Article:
For the first six decades of the diesel era, the main goal of locomotive design was higher horsepower. Introduced in 1993, GE's 4400 hp Dash 9 and its AC-motored sibling, the AC4400CW, were three times as powerful as a typical first-generation diesel and had 10% more horsepower than their immediate predecessor, the Dash 8. A couple years later, GE and then EMD introduced 6000 hp engines, the first single-unit diesels to equal the power of the last and best steamers.
But what was thought to be a breakthrough turned out to be a flop. By the late 1990s, North American railroads had rejected the 6000 hp concept and concluded that the 4300-4400 hp diesel was the Goldilocks locomotive - not too big, not too small, but a versatile, just-right building block for multiple-unit lashups. The horsepower race was over.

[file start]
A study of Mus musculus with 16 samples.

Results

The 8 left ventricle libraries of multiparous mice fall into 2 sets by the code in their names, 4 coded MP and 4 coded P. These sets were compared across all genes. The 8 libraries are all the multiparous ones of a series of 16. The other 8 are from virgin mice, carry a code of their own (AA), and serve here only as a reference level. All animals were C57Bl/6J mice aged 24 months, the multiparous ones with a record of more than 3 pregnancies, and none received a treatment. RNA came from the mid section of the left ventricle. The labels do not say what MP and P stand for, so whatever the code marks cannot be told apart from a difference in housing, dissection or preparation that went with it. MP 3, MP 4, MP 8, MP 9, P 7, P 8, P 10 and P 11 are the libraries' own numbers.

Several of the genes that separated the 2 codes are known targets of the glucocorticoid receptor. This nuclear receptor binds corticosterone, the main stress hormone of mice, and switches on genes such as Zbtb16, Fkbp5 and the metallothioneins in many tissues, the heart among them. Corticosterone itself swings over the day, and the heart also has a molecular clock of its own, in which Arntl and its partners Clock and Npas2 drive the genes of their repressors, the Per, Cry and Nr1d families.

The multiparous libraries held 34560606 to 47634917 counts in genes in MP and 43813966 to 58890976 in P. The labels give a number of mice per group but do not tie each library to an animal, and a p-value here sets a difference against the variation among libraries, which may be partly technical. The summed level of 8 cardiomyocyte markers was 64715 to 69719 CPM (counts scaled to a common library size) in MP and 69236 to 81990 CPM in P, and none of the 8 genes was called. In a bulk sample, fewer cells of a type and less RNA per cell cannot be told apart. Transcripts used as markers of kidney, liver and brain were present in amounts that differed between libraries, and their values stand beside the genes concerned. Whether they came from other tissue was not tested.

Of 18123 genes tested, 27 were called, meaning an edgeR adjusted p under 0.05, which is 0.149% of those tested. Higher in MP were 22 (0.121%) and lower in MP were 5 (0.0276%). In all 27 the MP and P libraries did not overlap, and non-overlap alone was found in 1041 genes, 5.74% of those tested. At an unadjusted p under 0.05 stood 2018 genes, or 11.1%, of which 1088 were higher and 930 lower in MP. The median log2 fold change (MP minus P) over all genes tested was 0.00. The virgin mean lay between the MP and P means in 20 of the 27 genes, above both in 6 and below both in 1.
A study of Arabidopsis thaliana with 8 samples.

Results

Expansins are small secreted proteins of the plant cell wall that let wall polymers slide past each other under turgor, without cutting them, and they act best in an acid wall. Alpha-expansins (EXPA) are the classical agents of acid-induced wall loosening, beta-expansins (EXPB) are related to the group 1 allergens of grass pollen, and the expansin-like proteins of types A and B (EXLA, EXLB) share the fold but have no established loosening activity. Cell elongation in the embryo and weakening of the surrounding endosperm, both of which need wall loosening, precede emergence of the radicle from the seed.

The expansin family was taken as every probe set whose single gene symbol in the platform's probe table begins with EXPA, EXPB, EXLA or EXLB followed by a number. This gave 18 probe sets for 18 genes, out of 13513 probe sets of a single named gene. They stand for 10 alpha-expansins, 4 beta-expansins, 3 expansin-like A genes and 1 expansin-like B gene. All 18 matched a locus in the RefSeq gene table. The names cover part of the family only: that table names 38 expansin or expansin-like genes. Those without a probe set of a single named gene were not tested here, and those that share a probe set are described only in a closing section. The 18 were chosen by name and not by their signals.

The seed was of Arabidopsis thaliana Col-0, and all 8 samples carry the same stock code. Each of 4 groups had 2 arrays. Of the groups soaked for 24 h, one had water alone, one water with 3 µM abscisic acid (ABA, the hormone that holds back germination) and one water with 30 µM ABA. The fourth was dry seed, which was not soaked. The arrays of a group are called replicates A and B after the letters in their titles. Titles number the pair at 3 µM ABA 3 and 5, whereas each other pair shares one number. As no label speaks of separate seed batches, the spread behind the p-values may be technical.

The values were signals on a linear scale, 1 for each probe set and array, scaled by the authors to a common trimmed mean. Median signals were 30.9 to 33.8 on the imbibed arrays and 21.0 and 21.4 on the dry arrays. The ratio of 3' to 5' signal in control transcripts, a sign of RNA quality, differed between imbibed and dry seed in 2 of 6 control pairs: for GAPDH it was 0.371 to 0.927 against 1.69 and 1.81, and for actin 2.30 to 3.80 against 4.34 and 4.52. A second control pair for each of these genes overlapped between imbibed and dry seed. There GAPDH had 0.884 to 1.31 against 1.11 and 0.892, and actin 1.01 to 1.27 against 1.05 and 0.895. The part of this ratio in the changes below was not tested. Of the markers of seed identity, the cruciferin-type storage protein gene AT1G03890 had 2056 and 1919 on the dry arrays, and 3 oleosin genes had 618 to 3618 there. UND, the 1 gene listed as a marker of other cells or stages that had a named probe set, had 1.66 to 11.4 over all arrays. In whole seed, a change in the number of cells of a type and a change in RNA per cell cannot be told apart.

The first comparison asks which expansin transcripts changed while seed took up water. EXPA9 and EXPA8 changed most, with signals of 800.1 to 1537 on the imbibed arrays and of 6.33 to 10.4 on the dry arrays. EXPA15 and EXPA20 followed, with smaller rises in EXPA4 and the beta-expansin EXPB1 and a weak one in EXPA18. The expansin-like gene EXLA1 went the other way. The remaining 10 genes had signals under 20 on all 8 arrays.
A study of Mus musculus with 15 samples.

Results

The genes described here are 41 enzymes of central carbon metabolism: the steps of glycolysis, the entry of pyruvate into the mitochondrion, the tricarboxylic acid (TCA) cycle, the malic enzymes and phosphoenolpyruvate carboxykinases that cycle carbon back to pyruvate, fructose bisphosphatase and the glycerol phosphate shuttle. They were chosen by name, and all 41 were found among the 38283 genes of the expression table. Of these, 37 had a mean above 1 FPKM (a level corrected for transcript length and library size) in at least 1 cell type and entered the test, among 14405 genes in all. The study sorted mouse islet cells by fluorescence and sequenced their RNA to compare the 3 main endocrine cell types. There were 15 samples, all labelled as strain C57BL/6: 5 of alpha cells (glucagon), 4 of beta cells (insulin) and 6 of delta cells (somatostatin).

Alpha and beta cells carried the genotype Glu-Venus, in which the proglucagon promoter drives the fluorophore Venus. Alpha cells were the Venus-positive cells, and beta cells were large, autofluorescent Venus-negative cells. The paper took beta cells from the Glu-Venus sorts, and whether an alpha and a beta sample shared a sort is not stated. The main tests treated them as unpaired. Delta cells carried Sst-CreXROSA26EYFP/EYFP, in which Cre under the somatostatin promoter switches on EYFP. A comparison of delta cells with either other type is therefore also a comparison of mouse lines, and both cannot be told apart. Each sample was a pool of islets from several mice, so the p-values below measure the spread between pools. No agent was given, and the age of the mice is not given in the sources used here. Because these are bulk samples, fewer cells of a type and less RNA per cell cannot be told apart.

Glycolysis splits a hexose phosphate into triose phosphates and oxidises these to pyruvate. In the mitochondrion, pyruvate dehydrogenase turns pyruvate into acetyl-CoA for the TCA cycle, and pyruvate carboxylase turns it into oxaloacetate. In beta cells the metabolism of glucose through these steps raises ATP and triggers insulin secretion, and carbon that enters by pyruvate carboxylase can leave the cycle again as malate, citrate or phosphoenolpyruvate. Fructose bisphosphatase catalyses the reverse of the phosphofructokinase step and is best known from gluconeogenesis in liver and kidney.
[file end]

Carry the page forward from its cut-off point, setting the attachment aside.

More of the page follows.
The Dash 9, accordingly, turned out to be a best-seller. More than 3600 engines were sold by the end of production in 2004, and most are still hauling freight today. The Dash 9 was the last and best of GE's third-generation diesels; it exemplified the modern locomotive at the turn of the 20th century, with microprocessors ensuring that its 4400 horses were working as efficiently and as often as possible. It rode on GE's brand-new HiAdTM trucks (for high adhesion), with computerized wheelslip control. Also new was a split cooling system that reduced temperatures and prolonged engine life. The Dash 9's wide-nosed North American cab, an option on earlier diesels, was standard equipment, solidifying the new look in road diesels. The Dash 9 was also the first GE diesel not offered with four-wheel trucks, recognizing that 6-axle, 4400 hp freight power was the new normal.
Did You Know?
Norfolk Southern Dash 9s have software that downrates their motors to 4000 hp in order to reduce engine wear and fuel consumption. If needed, however, the extra 400 horses can be accessed with the flip of a key switch.